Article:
Singapore has insisted that it has not provided any privileges or immunity to Gotabaya Rajapaksa, the former president of Sri Lanka who fled the cash-strapped nation amid anti-government protests last month.
Mr Rajapaksa, 73, along with his wife and two bodyguards fled to the Maldives on 13 July, before landing in Singapore for a “private visit” the next day.
He was initially issued a 14-day visit pass. It was later extended by two weeks, and is set to expire on 11 August.
He emailed his resignation letter to the parliament speaker on 14 July.
Singapore’s foreign minister Vivian Balakrishnan, in a written reply to a parliamentary question on Monday, said the Singaporean government “does not accord privileges, immunity and hospitality to former heads of state or heads of government”.
“Consequently, former president Gotabaya Rajapaksa was not accorded any privileges, immunity or hospitality.”
Last week, Singapore’s Immigration and Checkpoints Authority (ICA) said visitors from Sri Lanka who enter Singapore for social visits will be issued a short-term visit pass with a duration of up to 30 days.
Those willing to extend their stay would have to apply online and applications would be considered on the basis of each case.
“Foreigners who possess a valid travel document and meet entry requirements will be allowed to come into Singapore,” home minister K Shanmugam said in response to a question from the ruling People’s Action Party lawmaker Yip Hon Weng on concerns that the city-state would become a “destination for political fugitives”.
“We also, of course, reserve the right to deny entry to a foreigner if we assess that to be in our national interests,” Mr Shanmugam said.
However, he added that the government would be open to “rendering assistance” in deporting individuals in accordance with the region’s laws if a “foreigner coming into Singapore is wanted by his government, and his government has made a request”.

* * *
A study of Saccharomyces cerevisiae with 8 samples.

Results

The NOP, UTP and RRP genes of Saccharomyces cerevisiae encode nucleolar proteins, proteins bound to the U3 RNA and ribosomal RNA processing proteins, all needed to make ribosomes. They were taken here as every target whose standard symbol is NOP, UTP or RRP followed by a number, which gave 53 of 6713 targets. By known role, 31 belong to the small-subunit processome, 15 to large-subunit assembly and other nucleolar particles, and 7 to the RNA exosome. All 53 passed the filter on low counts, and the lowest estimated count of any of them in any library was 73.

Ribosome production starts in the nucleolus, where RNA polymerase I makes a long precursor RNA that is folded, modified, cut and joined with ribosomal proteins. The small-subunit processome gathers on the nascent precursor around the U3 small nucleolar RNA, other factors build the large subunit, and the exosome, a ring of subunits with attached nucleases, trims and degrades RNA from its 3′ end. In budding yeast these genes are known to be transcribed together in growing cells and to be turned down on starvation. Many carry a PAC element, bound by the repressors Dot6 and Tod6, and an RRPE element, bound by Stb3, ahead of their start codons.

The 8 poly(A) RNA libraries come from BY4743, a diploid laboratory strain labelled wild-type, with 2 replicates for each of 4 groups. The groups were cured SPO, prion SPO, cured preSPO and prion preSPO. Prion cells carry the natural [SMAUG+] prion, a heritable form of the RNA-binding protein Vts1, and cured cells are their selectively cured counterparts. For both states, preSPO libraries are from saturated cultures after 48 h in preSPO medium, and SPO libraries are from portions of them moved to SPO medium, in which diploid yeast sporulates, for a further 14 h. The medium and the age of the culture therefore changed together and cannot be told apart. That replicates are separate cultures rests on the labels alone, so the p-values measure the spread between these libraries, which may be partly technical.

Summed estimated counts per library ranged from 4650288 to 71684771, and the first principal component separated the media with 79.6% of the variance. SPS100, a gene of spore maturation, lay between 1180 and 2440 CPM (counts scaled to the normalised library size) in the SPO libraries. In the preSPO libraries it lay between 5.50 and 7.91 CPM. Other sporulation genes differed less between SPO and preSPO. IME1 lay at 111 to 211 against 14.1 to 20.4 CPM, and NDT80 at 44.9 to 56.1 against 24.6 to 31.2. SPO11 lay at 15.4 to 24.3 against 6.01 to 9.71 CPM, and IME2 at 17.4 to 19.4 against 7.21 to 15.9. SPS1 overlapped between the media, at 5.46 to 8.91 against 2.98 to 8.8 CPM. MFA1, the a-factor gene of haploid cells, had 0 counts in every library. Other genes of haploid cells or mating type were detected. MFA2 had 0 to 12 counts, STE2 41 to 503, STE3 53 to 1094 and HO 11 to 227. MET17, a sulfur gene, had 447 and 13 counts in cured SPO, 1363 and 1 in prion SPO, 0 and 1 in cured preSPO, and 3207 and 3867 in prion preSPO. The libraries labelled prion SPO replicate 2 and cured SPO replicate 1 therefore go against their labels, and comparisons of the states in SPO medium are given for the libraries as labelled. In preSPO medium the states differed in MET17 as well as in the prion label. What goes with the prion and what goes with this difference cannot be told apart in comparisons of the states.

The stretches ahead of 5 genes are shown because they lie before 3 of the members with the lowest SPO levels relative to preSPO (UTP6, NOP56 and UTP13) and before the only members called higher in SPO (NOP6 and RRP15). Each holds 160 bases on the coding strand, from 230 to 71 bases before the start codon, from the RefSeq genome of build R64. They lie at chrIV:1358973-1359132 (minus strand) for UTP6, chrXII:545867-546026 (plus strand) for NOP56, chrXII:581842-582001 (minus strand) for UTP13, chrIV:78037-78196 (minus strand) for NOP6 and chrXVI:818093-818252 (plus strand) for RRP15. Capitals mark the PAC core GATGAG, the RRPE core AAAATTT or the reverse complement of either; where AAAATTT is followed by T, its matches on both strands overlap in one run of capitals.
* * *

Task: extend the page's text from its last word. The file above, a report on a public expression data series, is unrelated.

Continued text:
Sri Lankan cabinet spokesperson Bandula Gunawardena claimed last month that Mr Rajapaksa was “not hiding” and “may eventually consider returning”.
The nation’s supreme court on Monday extended a travel ban imposed on former prime minister Mahinda Rajapaksa and his brother, former minister Basil Rajapaksa, until 4 August.
A crippling economic crisis forced Sri Lankans to revolt against the Rajapaksa government, which has been blamed for the cash crunch that has left the nation’s 22 million people short of fuel and food.
Since April, thousands of people took to the streets in protest, eventually forcing the entire government to step down.
The street protests intensified in July with demonstrators storming into the presidential palace in Colombo and setting former prime minister and recently elected president Ranil Wickremesinghe’s house on fire.
Meanwhile, Mr Wickremesinghe, in his first speech since he was elected by parliament, said that an agreement with the International Monetary Fund (IMF) to help pull the bankrupt nation out of its crisis has been pushed back to September because of the unrest.
Sri Lanka is seeking an estimated $3bn bailout package from the IMF.
Colombo announced in April that it is suspending repaying its foreign loans because of depleting foreign reserves. The island nation owes $51bn in foreign debt, of which $28bn must be paid by 2027.